And for controversies, when they returned to Jerusalem - Who were they that returned to Jerusalem? Some suppose that it means Jehoshaphat and his courtiers, who returned to Jerusalem after the expedition mentioned 2 Chronicles 19:4; : but if this were so, or if the text spoke of any person returning to Jerusalem, would not לירושלם lirushalem, To Jerusalem, and not the simple word ירושלם Yerushalem, without the preposition, be used?
Learned men have supposed, with great plausibility, that the word וישבו vaiyashubu, "and they returned," should be written יושבי yoshebey, "the inhabitants," and that the words should be read, And for the controversies of the inhabitants of Jerusalem. That this was the original reading is very probable from its vestiges in the Vulgate, habitatoribus ejus, "its Inhabitants;" and in the Septuagint it is found totidem verbis, Και κρινειν τους κατοικουντας εν Ἱερουσαλημ, And to judge the inhabitants of Jerusalem.
There is a clause in 2 Chronicles 34:9; where we have a similar mistake in our version: And they returned to Jerusalem, ירושלם וישבו where the false keri, or marginal note, directs it, in opposition to common sense and All the versions, to be read וישובו and they returned, which our translation has unhappily followed.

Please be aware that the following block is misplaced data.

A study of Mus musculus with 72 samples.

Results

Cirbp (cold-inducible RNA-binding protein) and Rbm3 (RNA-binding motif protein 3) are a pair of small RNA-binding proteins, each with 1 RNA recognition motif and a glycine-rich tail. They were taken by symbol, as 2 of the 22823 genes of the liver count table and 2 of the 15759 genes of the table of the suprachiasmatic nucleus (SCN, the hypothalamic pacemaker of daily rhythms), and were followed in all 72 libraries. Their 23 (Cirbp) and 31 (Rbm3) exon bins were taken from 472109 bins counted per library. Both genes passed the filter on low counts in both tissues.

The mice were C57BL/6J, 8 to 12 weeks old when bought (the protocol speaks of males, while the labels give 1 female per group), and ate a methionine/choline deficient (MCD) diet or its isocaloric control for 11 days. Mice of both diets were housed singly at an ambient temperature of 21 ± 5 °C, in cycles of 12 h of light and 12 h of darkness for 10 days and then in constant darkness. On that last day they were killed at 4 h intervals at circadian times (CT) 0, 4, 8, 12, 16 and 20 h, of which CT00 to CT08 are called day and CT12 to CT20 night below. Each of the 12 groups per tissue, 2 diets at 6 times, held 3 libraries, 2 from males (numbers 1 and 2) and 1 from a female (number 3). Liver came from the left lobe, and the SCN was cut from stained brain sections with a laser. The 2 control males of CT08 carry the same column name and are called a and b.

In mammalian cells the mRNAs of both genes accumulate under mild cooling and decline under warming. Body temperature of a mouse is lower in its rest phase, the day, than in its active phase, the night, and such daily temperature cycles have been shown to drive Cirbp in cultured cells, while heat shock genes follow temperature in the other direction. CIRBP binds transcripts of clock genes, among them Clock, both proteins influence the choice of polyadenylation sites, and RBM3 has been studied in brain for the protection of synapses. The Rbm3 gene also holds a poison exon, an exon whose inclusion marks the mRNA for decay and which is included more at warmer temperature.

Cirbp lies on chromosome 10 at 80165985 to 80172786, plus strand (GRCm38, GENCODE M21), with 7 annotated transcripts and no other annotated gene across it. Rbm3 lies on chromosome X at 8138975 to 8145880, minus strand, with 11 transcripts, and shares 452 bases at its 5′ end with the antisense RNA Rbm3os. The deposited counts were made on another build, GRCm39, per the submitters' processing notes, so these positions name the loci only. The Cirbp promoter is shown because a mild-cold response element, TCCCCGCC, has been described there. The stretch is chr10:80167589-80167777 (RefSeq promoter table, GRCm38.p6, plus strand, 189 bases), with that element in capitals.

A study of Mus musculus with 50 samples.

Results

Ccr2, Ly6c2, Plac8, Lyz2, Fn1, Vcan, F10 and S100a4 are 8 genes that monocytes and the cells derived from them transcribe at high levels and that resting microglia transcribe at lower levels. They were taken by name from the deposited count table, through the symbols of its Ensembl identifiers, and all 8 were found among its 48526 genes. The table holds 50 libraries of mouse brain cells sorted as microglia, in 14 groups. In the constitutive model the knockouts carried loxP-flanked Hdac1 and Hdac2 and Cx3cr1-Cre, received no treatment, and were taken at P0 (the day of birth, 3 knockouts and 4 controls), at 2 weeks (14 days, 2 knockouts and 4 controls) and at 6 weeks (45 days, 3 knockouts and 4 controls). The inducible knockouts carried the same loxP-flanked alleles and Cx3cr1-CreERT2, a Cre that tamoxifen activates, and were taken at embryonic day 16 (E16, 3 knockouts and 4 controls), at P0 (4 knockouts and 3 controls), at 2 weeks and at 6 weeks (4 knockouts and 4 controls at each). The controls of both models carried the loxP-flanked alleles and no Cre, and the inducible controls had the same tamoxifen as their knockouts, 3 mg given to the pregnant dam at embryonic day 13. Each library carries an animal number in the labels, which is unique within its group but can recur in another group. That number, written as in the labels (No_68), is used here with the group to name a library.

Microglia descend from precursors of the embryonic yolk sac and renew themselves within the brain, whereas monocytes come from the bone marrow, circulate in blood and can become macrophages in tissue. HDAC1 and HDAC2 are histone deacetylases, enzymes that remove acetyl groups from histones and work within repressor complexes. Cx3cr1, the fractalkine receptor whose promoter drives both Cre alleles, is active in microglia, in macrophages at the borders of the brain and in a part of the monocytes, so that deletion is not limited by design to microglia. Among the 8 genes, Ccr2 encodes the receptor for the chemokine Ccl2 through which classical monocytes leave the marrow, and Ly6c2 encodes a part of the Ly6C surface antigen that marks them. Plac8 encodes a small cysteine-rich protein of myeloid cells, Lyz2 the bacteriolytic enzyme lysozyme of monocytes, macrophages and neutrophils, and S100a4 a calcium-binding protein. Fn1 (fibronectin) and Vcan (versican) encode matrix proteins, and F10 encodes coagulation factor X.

The “fathers of Israel” are the heads of families; the chief of the fathers” are the great patriarchal chiefs, the admitted heads of great houses or clans. They were now admitted to share in the judicial office which seems in David‘s time to have been confined to the Levites 1 Chronicles 23:4.
For the judgment of the Lord, and for controversies - By the former are meant disputed cases concerning the performance of religious obligations. In “controversies” are included all the ordinary causes, whether criminal or civil.
When they returned to Jerusalem - Rather, “and they returned to Jerusalem,” a clause which if detached from the previous words and attached to 2 Chronicles 19:9, gives a satisfactory sense.